During Trauma Awareness Month in May, the American Red Cross urges eligible donors to help ensure lifesaving blood is available for patients with traumatic injuries and other serious medical needs by donating blood or platelets.

According to the National Trauma Institute, trauma accounts for about 41 million emergency department visits and 2.3 million hospital admissions in the U.S. annually.

"A single car accident victim can need as many as 100 units of blood," said Christy Peters, external communications manager for the Northern Ohio Red Cross Blood Services. "In trauma situations, when there's no time to check a patient's blood type, emergency personnel reach for type O-negative red blood cells and type AB plasma."

O-negative red blood cells and AB plasma can be transfused into any patient, regardless of blood type, making donors with these universal blood types an important part of the Red Cross trauma team. Less than 7 percent of the population has type O-negative blood, and only about 4 percent of the population has type AB blood.

Platelets may also be needed to help with clotting in cases of massive bleeding. Because platelets must be transfused within five days of donation, there is a constant often critical need to keep up with hospital demand.

"As a trauma surgeon, I know that a readily available blood supply can mean the difference between life and death for patients in the most serious situations," said Dr. Gregory J. Jurkovich, board chairman for the National Trauma Institute, fellow in the American College of Surgeons and professor and vice chairman of the Department of Surgery-University of California Davis Health.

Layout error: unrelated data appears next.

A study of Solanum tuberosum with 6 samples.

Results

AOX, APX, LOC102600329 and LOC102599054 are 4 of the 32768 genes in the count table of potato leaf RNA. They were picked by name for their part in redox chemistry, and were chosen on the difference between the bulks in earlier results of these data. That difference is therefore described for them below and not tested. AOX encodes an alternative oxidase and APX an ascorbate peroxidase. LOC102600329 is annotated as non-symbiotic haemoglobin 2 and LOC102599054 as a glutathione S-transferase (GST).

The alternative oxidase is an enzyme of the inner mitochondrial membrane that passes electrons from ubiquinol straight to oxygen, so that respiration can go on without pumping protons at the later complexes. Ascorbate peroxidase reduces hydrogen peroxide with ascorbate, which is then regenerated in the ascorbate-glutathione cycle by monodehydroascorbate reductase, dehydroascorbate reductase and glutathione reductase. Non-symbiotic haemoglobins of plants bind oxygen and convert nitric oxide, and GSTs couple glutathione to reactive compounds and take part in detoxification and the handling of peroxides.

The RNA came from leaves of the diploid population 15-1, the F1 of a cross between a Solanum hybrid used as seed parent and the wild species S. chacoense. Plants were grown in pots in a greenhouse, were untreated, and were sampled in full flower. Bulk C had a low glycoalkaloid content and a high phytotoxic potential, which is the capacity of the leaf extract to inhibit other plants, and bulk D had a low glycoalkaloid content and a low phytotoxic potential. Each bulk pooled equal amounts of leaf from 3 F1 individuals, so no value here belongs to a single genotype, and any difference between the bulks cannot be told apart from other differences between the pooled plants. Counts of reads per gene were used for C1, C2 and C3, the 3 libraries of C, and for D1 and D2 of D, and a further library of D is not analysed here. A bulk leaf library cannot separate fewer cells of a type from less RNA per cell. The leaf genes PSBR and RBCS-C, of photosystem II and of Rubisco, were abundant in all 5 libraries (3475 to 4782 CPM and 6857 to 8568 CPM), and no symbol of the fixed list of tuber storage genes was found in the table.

"Blood products can only be provided by generous donors, so I urge you to roll up a sleeve and help save lives."

In 1999, donated blood helped save the life of Ohio resident Michael Harper after a severe auto accident. He suffered injuries to his head, arm, leg, wrist and pelvis, plus experienced kidney failure and respiratory distress.

He needed more than 60 units of blood to save his life immediately. After many following surgeries, Michael needed more than 300 units of blood in total.

Today Michael is thrilled he was able to survive and go one to marry, have three children and become a math teacher and coach. "Blood donations helped save my life," he said. "Blood is a resource that must be offered out of care for others. It is safe and quick to give and a gift worth giving."

Blood and platelet donors of all types are currently needed. Those who come out to donate blood or platelets by May 14 will have a chance to win one of three $1,000 gift card shopping sprees from GiftCertificates.com.

Donation appointments can be scheduled by using the Red Cross Blood Donor App, visiting redcrossblood.org or calling 1-800-733-2767.